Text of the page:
What made the business news in Asia and Europe this morning? Here's our daily business round-up:
China expects economic growth of 7.5% this year as it looks for more sustainable expansion, prepares for a change in leadership and rides out a global slowdown.
Premier Wen Jiabao unveiled the target at the start of the annual National People's Congress.
Despite setting a target of 8% growth over the past eight years, China has regularly grown more quickly.
This has caused problems including high inflation and a widening wealth gap.
Bailed-out US insurance giant AIG is selling shares worth $6bn (£3.8bn) in Hong-Kong based AIA Group, to help repay the US government.
AIG is offering 1.7 billion shares in a range of 27.15-27.50 Hong Kong dollars per share, according to Bloomberg and Reuters news agencies.
Shares of AIA, Asia's third-largest insurer, were suspended on Monday.
In 2010, AIG sold two-thirds of its AIA stake in an initial public offering, also to help repay the bailout.
Traders on the Hong Kong stock exchange will see their lunch break trimmed from 90 minutes to an hour from Monday.
The move has been fiercely resisted by some local stockbrokers, who say they need the extended lunch break to meet with clients and conduct research.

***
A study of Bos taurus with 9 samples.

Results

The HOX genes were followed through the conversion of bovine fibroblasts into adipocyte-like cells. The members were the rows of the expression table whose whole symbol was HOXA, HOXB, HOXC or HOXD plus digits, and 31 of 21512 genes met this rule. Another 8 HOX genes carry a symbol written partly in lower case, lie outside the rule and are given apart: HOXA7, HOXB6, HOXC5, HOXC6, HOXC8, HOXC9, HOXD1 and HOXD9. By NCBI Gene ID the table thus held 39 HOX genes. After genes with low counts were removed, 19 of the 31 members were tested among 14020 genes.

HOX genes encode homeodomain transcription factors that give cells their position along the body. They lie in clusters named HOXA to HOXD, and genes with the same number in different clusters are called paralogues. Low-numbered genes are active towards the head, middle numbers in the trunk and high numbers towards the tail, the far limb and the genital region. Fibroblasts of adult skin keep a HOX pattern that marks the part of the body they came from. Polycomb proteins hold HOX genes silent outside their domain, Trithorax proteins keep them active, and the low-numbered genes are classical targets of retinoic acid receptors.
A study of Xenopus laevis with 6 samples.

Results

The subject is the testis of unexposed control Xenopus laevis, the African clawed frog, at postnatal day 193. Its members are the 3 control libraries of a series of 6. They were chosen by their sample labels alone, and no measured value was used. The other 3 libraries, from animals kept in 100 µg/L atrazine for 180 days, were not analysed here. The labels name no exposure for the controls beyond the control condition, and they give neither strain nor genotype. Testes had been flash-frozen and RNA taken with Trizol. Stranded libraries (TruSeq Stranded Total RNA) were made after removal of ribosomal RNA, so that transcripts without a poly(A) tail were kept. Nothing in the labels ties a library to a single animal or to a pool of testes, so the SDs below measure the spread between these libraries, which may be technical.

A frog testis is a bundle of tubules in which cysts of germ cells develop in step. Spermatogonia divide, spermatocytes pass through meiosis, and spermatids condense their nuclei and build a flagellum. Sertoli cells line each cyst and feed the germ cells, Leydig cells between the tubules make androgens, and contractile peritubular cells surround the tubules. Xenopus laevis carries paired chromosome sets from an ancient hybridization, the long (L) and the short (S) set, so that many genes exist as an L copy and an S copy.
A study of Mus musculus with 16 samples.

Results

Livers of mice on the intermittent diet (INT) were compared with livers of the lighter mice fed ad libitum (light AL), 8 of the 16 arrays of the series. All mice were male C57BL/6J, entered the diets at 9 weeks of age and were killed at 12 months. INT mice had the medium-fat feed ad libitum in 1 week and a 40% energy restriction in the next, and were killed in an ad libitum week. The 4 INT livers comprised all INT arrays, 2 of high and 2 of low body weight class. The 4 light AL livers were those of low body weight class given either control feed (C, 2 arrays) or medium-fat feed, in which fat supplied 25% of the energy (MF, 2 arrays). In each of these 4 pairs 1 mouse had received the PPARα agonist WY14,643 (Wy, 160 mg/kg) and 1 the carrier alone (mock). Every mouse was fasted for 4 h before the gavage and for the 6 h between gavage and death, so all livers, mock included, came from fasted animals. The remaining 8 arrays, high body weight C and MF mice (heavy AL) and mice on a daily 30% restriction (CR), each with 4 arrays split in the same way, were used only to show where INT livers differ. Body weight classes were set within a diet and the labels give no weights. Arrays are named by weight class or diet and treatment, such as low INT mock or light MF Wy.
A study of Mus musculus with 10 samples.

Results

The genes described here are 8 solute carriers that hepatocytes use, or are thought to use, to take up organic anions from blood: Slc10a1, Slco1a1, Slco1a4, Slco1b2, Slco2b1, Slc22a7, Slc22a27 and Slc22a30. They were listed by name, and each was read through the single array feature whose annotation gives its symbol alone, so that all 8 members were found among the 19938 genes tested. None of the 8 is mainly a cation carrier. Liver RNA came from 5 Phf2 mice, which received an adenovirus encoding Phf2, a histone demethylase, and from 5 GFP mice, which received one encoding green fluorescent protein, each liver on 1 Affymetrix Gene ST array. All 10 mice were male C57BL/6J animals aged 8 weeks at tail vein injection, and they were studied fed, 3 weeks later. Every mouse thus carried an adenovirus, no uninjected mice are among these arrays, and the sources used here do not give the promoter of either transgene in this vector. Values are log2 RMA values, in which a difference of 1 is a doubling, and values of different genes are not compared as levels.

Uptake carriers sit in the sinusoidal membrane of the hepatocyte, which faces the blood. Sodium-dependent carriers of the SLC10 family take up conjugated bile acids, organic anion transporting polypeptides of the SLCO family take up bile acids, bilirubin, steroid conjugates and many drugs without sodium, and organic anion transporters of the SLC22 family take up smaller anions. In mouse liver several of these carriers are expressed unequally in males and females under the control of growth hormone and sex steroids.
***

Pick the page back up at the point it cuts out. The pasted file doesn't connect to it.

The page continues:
They have organised a number of last-ditch protests in recent weeks.
The stock exchange said the move was necessary to make Hong Kong more competitive by aligning trading hours with major exchanges in Asia.
In commodities news, trading giant Glencore has reported a sharp rise in revenues on the back of higher raw material prices.
It also said it would push ahead with its planned merger with mining giant Xstrata, describing it as the "logical" next step for the firms.
Revenue for the year to 31 December 2011 was up 28% to $186.2bn (£117.7bn) and net income excluding one-off items rose 7% to $4.06bn.
But the company offered no improvements in the terms of its deal with Xstrata.
Retail sales across the eurozone rose unexpectedly in January, figures show, but a separate survey has indicated economic activity remains weak.
EU figures showed retail sales in the 17 countries that use the euro rose a stronger-than-expected 0.3% in January.
Sales across the EU's 27 states as a whole rose 0.7% in January.
However, February's eurozone purchasing managers' index (PMI) for services and industry indicated that activity in these sectors contracted last month.
The trial of former Icelandic Prime Minister Geir Haarde, on charges of negligence over the 2008 financial crisis, has begun in Reykjavik.
Mr Haarde is thought to be the first world leader to face criminal charges over the crisis.
He rejects the charges as "political persecution" and has said he will be vindicated during the trial.
The country's three main banks collapsed during economic turmoil and the failure of Icesave hit thousands.
The latest edition of the Business Daily programme asks whether the rise of Greece's underground economy is further damaging its state finances.